I recently came upon an interesting assessment of the state of Catholicism in America (thanks to the blog of Elizabeth Scalia, aka “the Anchoress”).
Here’s a taste of it:
“At the present time, more than in any preceding age, Roman Catholics are seen to lapse into infidelity, and Protestants to be converted to Roman Catholicism. If you consider Catholicism within its own organization, it seems to be losing; if you consider it from outside, it seems to be gaining.”
Here’s the surprise: These words were published in 1835 by famed political scientist and social observer Alexis de Tocqueville. A Catholic himself — at least at the beginning and end of his life — the Frenchman was intrigued how well Catholicism seemed to be doing in the “most democratic country in the world.” The result of his tours of the country in the early 1830s was his classic, “Democracy in America.”
Tocqueville’s insights are surprisingly accurate in light of intervening historical events. (One of his more astute predictions was the Cold War, a good century later: “There are now two great nations in the world, which starting from different points, seem to be advancing toward the same goal: the Russians and the Anglo-Americans. ... Each seems called by some secret design of Providence one day to hold in its hands the destinies of half the world.”)
Tocqueville might also feel vindicated today by his observations of our Catholic brethren nearly 200 years ago. Catholicism in the United States is both booming — it is the single largest denomination — and in crisis — fallen-away Catholics represent the second-largest “denomination.”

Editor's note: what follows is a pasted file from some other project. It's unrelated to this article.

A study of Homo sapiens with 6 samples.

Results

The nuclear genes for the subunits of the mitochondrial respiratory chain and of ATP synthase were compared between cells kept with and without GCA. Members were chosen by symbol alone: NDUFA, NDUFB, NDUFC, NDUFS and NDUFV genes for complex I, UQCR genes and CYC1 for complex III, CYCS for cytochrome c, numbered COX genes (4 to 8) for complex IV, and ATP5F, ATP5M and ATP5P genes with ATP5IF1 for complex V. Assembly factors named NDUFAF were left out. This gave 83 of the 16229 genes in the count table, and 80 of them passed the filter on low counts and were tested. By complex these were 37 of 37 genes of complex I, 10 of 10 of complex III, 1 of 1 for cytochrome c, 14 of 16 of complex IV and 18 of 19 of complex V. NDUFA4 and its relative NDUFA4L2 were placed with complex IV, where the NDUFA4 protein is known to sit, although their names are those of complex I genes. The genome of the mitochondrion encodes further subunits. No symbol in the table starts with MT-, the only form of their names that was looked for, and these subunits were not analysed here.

And there are other apparent signs of contradiction. Catholicism is very well assimilated into American social life. Consider that the vice president, the House speaker, the House minority leader and six Supreme Court justices are Catholic.
Yet many Catholics “are seen to lapse into infidelity,” as Tocqueville would say. Weekly Mass attendance hovers around 22 percent. And even 40 percent of weekly Massgoers report going to confession less than once a year or never. There’s a dramatic decline in the number of Catholic schools and the students taught in them.
So what was Tocqueville’s explanation and proposed solution? He thought Catholicism had a mysterious draw, even for people disinclined to belief of any sort.
“Many of the doctrines and practices of the Roman Catholic Church astonish them, but they feel a secret admiration for its discipline, and its great unity attracts them. If Catholicism could at length withdraw itself from the political animosities to which it has given rise, I have hardly any doubt but that the same spirit of the age which appears to be so opposed to it would become so favorable as to admit of its great and sudden advancement.”